The novel "City on Fire" begins 39 years ago — December 31, 1976, in New York City, and ends during the city-wide blackout the following summer.

In between, it connects a web of characters: a gay punk-rocker who turns down a huge inheritance; his sister who works for the family business; a young black English teacher from the South; a suburban teenager dabbling in rock music and philosophy; a master fireworks maker; a brilliant detective investigating one last case. It’s intricately plotted, beautifully written, and nearly a thousand pages long.

Author Garth Risk Hallberg says he’s always been fascinated by New York City — an attraction that started in elementary school when he noticed New York was the publishing home of all his favorite books. 

“I think from the time I was reading ‘Harriet the Spy’ and ‘Tales of a Fourth Grade Nothing’ ... the fact that somehow deep in the back Stuart Little connects up with Harriet the Spy and I thought, ‘This is the most incredible place ever.’ And then you open to the copyright page, and if you're obsessed with books, as I was, they all come from [New York City],” Hallberg says. 

The writer first started coming to New York in 1996. 

“More than anything else about the city, what turned me on, in an indescribably powerful way when I was 17 years old and I first set foot here, was the people. Like a subway ride — if you don't have your urban armor up, you know the sort of callous you develop, a subway ride between two stops even is a thousand-page novel,” Hallberg says. 

“City on Fire” is Hallberg’s first novel. He's 36, so he wasn’t alive when the novel takes place, but he says he was inspired to write about the 1970s while listening to a Billy Joel song. 

“I had my first iPod, which I had gotten two weeks earlier. It pulled up a Billy Joel song I'd never heard of and the song was about the bad old days of 1975, '76, '77 and the song just seemed to lay bare this time period. And I was sitting on the bus and I felt this enormous resonating structure start to happen that tied together 2003, 2001, 1996 and 1977 and the whole thing just exploded,” Hallberg says.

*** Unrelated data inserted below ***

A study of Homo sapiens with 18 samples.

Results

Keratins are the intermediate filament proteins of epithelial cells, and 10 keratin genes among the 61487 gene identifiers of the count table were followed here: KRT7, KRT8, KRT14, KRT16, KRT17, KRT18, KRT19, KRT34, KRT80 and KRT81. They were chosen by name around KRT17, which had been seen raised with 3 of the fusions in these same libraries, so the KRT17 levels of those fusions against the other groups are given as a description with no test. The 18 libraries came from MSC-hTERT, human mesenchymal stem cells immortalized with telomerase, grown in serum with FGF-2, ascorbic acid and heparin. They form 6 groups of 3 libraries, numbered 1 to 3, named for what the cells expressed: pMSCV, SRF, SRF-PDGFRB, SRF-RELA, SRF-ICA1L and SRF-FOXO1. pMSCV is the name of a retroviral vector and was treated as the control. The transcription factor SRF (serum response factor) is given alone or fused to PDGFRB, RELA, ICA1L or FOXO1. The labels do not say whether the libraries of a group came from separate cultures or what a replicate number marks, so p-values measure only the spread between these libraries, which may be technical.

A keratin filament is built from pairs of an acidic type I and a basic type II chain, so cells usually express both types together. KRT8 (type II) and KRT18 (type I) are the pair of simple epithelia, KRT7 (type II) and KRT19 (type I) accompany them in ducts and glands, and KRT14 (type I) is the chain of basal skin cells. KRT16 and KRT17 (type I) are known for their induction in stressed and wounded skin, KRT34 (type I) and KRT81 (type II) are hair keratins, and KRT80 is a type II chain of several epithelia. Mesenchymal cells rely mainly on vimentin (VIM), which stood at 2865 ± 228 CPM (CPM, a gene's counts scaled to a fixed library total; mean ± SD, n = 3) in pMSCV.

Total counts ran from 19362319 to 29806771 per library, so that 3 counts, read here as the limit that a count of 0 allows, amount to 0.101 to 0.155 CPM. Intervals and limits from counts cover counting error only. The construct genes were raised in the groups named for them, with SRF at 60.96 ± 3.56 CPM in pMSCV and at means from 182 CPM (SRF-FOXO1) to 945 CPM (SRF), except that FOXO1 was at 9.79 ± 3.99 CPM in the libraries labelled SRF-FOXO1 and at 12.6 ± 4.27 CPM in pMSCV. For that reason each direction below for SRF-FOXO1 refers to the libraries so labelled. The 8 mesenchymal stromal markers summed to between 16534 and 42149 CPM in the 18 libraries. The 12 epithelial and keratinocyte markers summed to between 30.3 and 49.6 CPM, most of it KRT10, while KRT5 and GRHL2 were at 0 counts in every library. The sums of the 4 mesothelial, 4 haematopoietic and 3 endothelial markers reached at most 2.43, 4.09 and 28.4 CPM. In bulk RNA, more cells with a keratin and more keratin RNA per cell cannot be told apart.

The first line of Billy Joel's "Miami 2017" — "I've seen the lights go out on Broadway."

Another inspiring event for the book was the 9/11 terrorist attack. It was an event that deeply moved Hallberg. 

“I was on a bus in summer 2003 and I was looking out the window, and I saw the skyline. And it used to feel like the skyline was saying to me like, ‘You’re home. You've made it. This is where all the people who don't fit in anywhere else can be,’” Hallberg says. 

The finale of Hallberg’s book centers on the citywide blackout that happened in New York in the summer of 1977. The event, according to people Hallberg spoke to, was an extreme one that affected people in different ways, depending on where they were. 

“Everyone had an indelible memory of that night. And that was like a sign to me, or I took it as a sign that I was on to something,” Hallberg says. “There's something about the suspension of ordinary reality and the way that it brings out everything that's best and everything that's worst in people that's kind of like awakening to how fragile everything is and how little we can afford to go around in a sort of muddling gray way. And yet that's where we live most of our lives.”

This story was first published by Studio 360 with Kurt Andersen.